HC Deb 11 December 1967 vol 756 cc34-6
Mr. Deedes

On a point of order, Mr. Speaker. You may have observed that out of the number of Questions that we have reached today, 12 were addressed to the Lord President of the Council, who, I am sorry to say, has now left and to whom I gave no notice.

Seven of these Questions were concerned with the hon. Gentleman the Member for Buckingham (Mr. Maxwell) and our domestic affairs. It is not for me to make criticism of the list, but I know that there are hon. Members who could wish that some other channel be found for discussing in such detail matters of our housekeeping which really are not—

Hon. Members

Hear, hear.

Mr. Speaker

Order. I want to hear the point that the right hon. Gentleman is raising.

Mr. Deedes

I can only speak for myself, but I think that other hon. Members would agree with me that it would be the wish of at least a majority that some other way be found of dealing with these matters, perhaps in consultation with yourself and the Lord President of the Council and his hon. Friend the Member for Buckingham, with whose duties all of us have the greatest sympathy, so as to ensure that such a high proportion of the Questions on the Order Paper on a Monday should not be taken up with matters of almost purely domestic concern which, I think, do not find a very warm response in the minds of the public, who might expect us to be discussing something different.

Mr. William Hamilton

Further to that point of order. I hope that you will not take it for granted that the majority of the House take the same view as the right hon. Gentleman, Mr. Speaker. Some of these Questions are extremely important and some are trivial, and that is so in the case of Questions to all Ministers. It is for the Table to judge whether the Question is in order and for the House to judge on the order of Ministers answering Questions upon any day of the week.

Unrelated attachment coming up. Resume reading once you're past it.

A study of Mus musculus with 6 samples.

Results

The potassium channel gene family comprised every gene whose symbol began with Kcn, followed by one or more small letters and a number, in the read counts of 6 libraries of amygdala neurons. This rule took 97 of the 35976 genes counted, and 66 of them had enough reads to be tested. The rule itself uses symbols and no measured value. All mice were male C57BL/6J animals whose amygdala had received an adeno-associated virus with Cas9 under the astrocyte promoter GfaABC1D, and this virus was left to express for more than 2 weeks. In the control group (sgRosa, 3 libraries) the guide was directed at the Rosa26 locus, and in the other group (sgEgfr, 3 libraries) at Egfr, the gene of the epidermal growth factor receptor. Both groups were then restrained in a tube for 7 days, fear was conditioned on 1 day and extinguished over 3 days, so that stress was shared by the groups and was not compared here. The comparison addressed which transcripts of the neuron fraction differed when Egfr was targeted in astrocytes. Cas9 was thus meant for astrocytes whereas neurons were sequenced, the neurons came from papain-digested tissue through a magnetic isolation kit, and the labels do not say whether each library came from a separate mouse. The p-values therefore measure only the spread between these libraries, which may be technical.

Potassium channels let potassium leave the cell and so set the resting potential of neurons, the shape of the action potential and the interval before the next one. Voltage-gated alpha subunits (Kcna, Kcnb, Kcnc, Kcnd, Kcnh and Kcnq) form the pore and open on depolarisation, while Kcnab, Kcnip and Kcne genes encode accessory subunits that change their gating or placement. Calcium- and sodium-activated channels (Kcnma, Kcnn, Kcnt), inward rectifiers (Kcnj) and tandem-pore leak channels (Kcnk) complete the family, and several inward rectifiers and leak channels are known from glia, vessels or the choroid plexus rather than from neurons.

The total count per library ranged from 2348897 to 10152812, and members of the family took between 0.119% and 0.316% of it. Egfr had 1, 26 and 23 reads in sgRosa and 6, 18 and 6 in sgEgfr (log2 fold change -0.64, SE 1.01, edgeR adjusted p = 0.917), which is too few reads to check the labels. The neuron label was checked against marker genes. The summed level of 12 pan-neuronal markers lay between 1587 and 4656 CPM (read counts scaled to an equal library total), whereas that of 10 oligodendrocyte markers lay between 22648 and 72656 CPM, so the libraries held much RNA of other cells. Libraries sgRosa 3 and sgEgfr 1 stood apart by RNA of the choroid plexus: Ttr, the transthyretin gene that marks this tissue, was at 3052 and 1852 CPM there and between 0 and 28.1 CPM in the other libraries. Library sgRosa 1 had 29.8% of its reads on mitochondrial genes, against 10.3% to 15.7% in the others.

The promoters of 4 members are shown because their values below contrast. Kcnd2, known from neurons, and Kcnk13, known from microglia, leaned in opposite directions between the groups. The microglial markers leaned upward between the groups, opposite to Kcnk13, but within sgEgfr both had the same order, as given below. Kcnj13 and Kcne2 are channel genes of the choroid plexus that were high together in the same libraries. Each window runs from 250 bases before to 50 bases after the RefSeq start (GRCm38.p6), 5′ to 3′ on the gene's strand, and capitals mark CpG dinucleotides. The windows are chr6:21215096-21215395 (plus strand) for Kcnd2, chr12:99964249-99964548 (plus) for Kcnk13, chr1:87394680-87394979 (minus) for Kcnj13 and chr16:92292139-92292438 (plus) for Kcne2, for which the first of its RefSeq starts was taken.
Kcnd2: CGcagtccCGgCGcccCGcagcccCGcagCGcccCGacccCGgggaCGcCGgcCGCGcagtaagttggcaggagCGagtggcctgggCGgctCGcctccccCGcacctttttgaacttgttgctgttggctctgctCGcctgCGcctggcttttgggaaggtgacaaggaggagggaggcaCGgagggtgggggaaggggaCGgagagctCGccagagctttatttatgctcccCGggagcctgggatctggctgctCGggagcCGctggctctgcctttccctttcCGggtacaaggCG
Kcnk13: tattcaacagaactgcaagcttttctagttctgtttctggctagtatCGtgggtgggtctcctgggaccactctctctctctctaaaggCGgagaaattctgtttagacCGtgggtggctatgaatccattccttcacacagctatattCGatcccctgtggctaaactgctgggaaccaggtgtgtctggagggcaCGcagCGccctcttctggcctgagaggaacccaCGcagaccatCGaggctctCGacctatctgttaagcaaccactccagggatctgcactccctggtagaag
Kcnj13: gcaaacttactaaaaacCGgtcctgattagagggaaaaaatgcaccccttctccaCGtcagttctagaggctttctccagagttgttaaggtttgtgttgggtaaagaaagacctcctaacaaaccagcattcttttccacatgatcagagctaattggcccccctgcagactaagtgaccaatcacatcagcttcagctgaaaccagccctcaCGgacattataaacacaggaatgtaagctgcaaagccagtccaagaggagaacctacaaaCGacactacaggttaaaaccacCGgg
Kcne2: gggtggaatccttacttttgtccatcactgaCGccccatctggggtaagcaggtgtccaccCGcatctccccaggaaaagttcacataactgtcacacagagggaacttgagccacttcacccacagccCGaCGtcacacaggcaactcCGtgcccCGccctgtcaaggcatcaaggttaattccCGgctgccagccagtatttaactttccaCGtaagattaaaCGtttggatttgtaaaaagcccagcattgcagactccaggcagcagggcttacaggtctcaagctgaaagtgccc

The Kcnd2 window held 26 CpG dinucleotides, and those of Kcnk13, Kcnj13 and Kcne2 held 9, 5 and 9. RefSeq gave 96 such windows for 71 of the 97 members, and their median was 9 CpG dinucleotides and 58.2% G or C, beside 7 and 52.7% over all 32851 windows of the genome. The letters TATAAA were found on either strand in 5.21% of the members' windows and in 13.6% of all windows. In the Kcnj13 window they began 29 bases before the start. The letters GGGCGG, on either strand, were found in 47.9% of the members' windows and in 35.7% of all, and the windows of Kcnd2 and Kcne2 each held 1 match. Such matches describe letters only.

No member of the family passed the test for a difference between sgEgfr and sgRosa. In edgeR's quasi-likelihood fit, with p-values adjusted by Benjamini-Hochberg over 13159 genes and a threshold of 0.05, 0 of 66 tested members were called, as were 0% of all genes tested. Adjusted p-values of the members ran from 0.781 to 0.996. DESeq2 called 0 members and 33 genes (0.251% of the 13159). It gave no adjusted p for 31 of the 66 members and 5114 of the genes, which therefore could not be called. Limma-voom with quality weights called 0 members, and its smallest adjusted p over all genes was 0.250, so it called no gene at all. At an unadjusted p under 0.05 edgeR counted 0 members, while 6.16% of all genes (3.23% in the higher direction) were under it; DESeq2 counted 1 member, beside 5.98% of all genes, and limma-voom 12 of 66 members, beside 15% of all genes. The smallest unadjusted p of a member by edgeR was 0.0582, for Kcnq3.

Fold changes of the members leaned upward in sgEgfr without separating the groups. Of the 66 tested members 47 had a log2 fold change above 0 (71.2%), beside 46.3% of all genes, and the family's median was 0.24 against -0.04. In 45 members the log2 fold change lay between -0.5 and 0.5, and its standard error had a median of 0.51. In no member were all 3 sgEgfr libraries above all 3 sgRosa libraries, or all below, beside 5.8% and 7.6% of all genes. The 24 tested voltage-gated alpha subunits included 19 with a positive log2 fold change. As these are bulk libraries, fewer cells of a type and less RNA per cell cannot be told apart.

Mr. Speaker

The point raised by the right hon. Member for Ashford (Mr. Deedes) is not a point of order. The hon. Member for Fife West (Mr. William Hamilton) is quite right. The Table has no power to refuse any Question which is in order. The point of view which has been expressed by the right hon. Member for Ashford, that the affairs of the Kitchen Committee might not take such an amount of the Lord President of the Council's space on the Order Paper that they do is a question for the hon. Members themselves, not for the Chair.

Mr. Pavitt

On another point of order. The Minister of Health, replying to a Question by the hon. Member for Farnham (Mr. Maurice Macmillan), stated that he would be giving a reply later on, to another Question on the Order Paper—No. 67, in the name of my hon. Friend the Member for Accrington (Mr. Arthur Davidson). Is it possible that the Answer could be given?

Mr. Speaker

It is quite possible, but I have not been asked and so it will not be given.